Residents pleased after N. Laurel connector road debate

April 02, 2006|BY A SUN REPORTER

The grumbling began even before the Planning Board members filed into the room.

"Government can do whatever it wants," complained one man to the woman sitting next to him. "It doesn't matter what the public wants."

That view, perhaps, is held by many. But he and the rest of the overflow audience Thursday night learned what President John F. Kennedy meant when, in a commencement address at Yale University, he said: "For the great enemy of truth is very often not the lie . . . but the myth -- persistent, persuasive and unrealistic. Too often we hold fast to the cliches of our forebears. We subject all facts to a prefabricated set of interpretations. We enjoy the comfort of opinion without the discomfort of thought."

When the evening concluded, the audience was not grumbling but applauding the board and Marsha S. McLaughlin, the director of the Department of Planning and Zoning.

The civics lesson was cloaked in a debate over the county's proposal for $80,000 to study building a North Laurel connector road. While that may seem trivial to the greater populace, it was of paramount importance to the audience.

Steve Sharar, chief of the Transportation and Special Project Division, said residents have only one access to the Washington Avenue and Maryland Avenue corridor, west of North Laurel Road.

A second access, he said, would provide improved traffic flow and benefit emergency vehicles, such as fire and rescue.

The Department of Public Works has included $80,000 in the proposed capital budget for the next fiscal year to study the connector road. The cost of construction is estimated at $270,000, including land acquisition.

McLaughlin said there has been piecemeal development in the area, leaving the road network incomplete and inadequate. "The study needs to be done to see if there is something acceptable to the community," she said.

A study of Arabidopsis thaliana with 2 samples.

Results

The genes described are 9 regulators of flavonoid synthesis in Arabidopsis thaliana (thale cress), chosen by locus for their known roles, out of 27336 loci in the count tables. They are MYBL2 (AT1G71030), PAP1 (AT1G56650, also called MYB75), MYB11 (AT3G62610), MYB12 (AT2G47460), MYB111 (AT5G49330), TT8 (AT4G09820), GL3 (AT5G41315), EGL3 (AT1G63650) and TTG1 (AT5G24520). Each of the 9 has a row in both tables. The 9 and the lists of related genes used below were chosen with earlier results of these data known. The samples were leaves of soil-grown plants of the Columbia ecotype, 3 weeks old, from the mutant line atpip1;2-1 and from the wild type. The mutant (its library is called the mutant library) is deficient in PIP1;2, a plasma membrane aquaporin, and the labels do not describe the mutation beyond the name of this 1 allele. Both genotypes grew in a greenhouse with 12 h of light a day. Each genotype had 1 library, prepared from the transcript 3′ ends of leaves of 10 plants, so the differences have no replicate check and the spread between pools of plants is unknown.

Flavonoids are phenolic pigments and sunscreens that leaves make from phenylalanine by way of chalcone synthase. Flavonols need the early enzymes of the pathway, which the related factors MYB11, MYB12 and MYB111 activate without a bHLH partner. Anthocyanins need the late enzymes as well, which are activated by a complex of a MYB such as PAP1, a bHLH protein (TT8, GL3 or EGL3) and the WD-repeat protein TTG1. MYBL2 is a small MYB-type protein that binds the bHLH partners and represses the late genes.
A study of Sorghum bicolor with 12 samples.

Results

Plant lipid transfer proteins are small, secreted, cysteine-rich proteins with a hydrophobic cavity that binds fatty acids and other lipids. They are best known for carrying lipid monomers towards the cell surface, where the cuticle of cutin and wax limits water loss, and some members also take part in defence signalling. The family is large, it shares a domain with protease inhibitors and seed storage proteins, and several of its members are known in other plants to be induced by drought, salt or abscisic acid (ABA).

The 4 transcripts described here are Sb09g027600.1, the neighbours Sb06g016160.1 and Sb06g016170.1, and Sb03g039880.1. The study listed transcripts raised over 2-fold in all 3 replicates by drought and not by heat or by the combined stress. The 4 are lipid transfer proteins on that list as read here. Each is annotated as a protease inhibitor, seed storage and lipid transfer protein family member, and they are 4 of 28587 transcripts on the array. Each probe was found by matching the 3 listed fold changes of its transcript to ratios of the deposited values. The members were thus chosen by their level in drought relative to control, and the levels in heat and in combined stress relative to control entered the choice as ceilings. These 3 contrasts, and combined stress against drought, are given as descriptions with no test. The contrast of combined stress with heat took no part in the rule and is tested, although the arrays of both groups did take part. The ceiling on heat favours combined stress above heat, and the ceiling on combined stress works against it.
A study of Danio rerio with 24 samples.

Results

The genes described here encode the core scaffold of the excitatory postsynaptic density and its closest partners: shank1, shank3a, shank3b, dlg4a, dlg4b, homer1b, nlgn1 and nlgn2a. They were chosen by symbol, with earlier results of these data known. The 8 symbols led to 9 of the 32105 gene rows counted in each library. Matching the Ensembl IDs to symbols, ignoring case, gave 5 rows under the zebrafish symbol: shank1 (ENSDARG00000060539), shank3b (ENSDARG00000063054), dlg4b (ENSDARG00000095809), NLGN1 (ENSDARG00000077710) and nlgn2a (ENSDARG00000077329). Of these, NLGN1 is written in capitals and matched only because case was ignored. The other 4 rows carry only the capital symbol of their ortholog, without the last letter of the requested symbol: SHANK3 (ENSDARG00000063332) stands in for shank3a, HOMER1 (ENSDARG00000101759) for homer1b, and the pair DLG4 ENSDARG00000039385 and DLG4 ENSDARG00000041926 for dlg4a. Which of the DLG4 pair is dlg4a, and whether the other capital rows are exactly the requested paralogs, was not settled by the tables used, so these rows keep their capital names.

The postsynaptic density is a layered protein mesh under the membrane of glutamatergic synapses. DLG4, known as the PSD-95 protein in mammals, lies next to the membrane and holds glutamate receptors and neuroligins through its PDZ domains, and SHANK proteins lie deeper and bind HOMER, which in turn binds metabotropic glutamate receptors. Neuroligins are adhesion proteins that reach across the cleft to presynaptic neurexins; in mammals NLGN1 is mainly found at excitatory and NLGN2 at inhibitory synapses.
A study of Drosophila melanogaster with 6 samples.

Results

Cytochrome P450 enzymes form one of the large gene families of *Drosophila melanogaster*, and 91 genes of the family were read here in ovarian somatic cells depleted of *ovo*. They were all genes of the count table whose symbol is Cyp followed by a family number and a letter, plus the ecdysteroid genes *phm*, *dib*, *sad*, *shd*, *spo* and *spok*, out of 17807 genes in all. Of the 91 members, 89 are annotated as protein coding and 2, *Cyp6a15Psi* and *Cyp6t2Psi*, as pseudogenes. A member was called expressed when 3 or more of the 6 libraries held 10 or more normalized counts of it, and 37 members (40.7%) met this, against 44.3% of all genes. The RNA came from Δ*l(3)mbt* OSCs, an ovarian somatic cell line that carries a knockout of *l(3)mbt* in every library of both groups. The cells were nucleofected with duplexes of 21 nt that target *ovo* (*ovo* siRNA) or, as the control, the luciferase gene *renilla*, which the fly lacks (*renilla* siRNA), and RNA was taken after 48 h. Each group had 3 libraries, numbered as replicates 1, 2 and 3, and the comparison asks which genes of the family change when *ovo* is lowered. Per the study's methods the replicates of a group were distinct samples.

The residents of North Laurel Park, though, wanted nothing of it.

Richard Mathews said the public lacks faith and trust in their elected officials because the issue has been resurrected after homeowners successfully fought a similar proposal in 1998.

"It's not new," he said. "It's just that the developments have gotten bigger."

He said the proposed connector road is the first of three that the county would like to build in the area. "You'll taking what was supposed to be a private road and turn it into a highway. ... We've been misled."

The community, said Deborah Fitzer, is safe for children because there is no through traffic because Maryland Avenue dead-ends. "We don't want the study, and we don't want the road," she said.

Another resident, Mark Reo, said building the connector would "overwhelm" Maryland Avenue. "It wasn't built for that kind of traffic."

Several others said they bought homes in the area because developers had assured them that streets would not be expanded to permit through traffic.

"I don't want my child confined to the backyard" because of traffic, said Marilyn Lee. "We haven't asked for this, and we don't want it."

The five-member Planning Board signaled quickly that it was not inclined to support the county's proposal.

"I'm not convinced that this is a bad situation, either from an emergency or traffic standpoint," said board member H. Gregory Tornatore.

Tammy J. CitaraManis, chairwoman of the board, said, "This is not the right place for us to spend our tax dollars."

Even McLaughlin shifted positions. "If the community doesn't want it, then there are better ways for the county" to spend its funds, she said.

The board voted, 5-0, to oppose funding for the study. Its decision is a recommendation only, but, given the intensity of the opposition, it seems unlikely that the County Council will vote otherwise, especially in an election year.

But in a broader sense, perhaps, the board's vote punctured the myth that that officials never listen to the public.

The board also:

Approved a 60-day extension before the formal decision and order approving the fourth comprehensive sketch plan for Turf Valley must be filed.

Recommended inclusion of $2.9 million in the capital budget for construction of a 500,000-gallon elevated water tank and pumping station to serve part of the Fulton area, including the large planned community of Maple Lawn, Maryland.

Baltimore Sun Articles
Please note the green-lined linked article text has been applied commercially without any involvement from our newsroom editors, reporters or any other editorial staff.